Betwixt Two Hearts
post written by Emma Filbrun
Title: Betwixt Two Hearts
Author: Amanda Tru, Cathe Swanson, Kari Trumbo, Alana Terry, Carol Moncado, Chautona Havig
Series: Crossroads Collection 4
Major Themes: Romance, Valentine’s Day
Synopsis: Six interconnected stories center around an online matchmaking service.
I’ve been enjoying the Crossroads Collections ever since the first one was published a few years ago. It’s fun to read all the stories and see how they are tied together. This collection has six books in it, instead of the five that were in each of the previous three collections. I thoroughly enjoyed most of them.
This time, the story that tied the entire collection together appears at the beginning, rather than the end. Betwixt Two Hearts describes the online matchmaking site that the entire collection centers around, and sets the stage for all the other stories. As they work together on building the website and setting people up with dates, Camden and Bailey struggle for control of the business—and for the first time in her life, Bailey learns Who God is and what real love is. I really appreciated the way Camden explained God to her.
I knew I would enjoy The Swedehearts Glory Quilt; I have loved all of Cathe Swanson’s books. Sure enough, this was a good one. I was slightly confused by some of the switches between characters, but after several chapters I had everyone straightened out. It was interesting to watch Eleanor figuring her life out and learning to be honest. I also enjoyed seeing mentions of the Jesus people, since I have family connections to that movement.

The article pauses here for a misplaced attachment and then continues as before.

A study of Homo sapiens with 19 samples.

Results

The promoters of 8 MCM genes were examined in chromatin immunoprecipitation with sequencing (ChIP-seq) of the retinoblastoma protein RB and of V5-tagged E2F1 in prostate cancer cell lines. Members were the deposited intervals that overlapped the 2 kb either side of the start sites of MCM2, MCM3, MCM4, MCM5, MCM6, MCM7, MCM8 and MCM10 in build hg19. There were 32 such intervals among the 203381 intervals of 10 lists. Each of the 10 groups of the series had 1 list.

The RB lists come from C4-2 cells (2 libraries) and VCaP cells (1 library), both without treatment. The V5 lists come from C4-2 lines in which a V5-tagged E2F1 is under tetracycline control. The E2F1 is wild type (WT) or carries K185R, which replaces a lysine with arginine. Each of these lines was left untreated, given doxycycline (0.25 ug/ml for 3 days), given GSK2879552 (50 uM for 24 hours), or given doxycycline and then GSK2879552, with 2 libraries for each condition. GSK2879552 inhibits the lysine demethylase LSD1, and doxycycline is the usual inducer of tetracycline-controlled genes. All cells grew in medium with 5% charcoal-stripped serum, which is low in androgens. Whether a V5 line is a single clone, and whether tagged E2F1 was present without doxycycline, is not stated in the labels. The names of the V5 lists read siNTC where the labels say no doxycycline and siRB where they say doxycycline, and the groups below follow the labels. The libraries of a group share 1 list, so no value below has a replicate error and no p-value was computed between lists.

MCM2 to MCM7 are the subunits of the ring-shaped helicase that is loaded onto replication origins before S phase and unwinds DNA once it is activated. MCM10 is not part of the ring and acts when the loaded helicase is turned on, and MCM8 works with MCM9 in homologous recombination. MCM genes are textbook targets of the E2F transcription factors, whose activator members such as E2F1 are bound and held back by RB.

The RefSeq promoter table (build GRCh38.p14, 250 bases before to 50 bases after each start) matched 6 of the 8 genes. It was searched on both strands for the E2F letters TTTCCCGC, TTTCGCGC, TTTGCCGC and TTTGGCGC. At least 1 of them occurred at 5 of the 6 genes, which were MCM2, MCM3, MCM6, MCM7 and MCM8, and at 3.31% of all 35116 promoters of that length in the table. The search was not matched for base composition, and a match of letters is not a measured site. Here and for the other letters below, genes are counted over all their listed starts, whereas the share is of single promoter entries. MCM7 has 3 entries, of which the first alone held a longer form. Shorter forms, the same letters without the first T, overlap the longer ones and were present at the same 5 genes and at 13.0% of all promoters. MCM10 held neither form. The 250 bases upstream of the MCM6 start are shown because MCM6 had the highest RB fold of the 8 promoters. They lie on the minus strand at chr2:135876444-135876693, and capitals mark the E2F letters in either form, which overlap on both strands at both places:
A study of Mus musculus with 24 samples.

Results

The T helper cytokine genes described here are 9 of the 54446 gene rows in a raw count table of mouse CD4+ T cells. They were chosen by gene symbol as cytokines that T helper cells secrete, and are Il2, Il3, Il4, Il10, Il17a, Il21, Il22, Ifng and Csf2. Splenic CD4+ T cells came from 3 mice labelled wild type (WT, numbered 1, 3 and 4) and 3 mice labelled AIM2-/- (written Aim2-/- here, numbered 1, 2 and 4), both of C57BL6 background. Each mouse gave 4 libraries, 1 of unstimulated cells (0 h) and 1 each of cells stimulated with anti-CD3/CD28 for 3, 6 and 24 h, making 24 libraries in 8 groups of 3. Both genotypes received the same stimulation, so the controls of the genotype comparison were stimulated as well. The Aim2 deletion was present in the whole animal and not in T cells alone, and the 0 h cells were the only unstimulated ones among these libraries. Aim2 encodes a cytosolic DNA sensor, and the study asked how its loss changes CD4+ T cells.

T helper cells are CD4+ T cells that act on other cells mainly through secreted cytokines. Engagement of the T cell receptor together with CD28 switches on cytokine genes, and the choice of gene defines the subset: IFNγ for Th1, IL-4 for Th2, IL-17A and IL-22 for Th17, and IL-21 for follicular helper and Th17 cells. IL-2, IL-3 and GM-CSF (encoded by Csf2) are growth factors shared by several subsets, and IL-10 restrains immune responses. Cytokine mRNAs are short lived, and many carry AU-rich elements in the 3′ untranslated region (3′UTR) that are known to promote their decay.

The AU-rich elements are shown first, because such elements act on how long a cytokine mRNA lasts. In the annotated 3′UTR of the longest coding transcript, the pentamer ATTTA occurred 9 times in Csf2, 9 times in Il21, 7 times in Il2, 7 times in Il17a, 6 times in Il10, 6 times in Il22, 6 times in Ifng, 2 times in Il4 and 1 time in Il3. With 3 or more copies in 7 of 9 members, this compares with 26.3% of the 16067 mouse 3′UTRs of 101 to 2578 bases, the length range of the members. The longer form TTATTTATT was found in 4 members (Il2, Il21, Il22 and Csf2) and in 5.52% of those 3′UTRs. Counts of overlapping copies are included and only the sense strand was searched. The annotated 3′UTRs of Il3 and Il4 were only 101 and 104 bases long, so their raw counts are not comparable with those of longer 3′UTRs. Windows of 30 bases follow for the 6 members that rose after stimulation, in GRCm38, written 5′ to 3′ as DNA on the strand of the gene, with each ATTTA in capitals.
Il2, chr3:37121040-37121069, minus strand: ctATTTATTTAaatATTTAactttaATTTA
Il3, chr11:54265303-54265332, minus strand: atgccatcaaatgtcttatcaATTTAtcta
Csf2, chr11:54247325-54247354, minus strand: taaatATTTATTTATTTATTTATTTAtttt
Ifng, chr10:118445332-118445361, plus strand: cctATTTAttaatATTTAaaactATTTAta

Whole Latte Love was a story I didn’t enjoy so much. I prefer stories in which the romance plays a lesser role. It was nice to watch Drew and Addie learning to know themselves and what they wanted, but that’s about all I got out of the story. I really did not appreciate the detailed kissing scene at the end.
I had a very hard time putting down Seoul Refuge. It was my favorite story in the collection. Each chapter told part of Caroline’s story, then switched to her husband Drisklay’s point of view as he tried to solve a murder case while she was on a missions trip to Korea. It was very easy to keep track of who was speaking, and I loved the way both characters were challenged and changed during the story.
Guardian of Her Heart was another so-so book, in my opinion. It was basically just a man-meets-woman-and-they-fall-in-love story—not my favorite, There was a detailed kissing scene in chapter 7.
I enjoyed Random Acts of Shyness, partly because I had heard so much about it for a long time, and partly because it was a delightful story. Heath had a major problem in the coping mechanism he had taught himself to use when in awkward social situations. Was it possible to find a girl who could overlook his problem and see the real Heath? I enjoyed the journey to find the answer!
I received a free ecopy of this book from the authors and chose to write a review.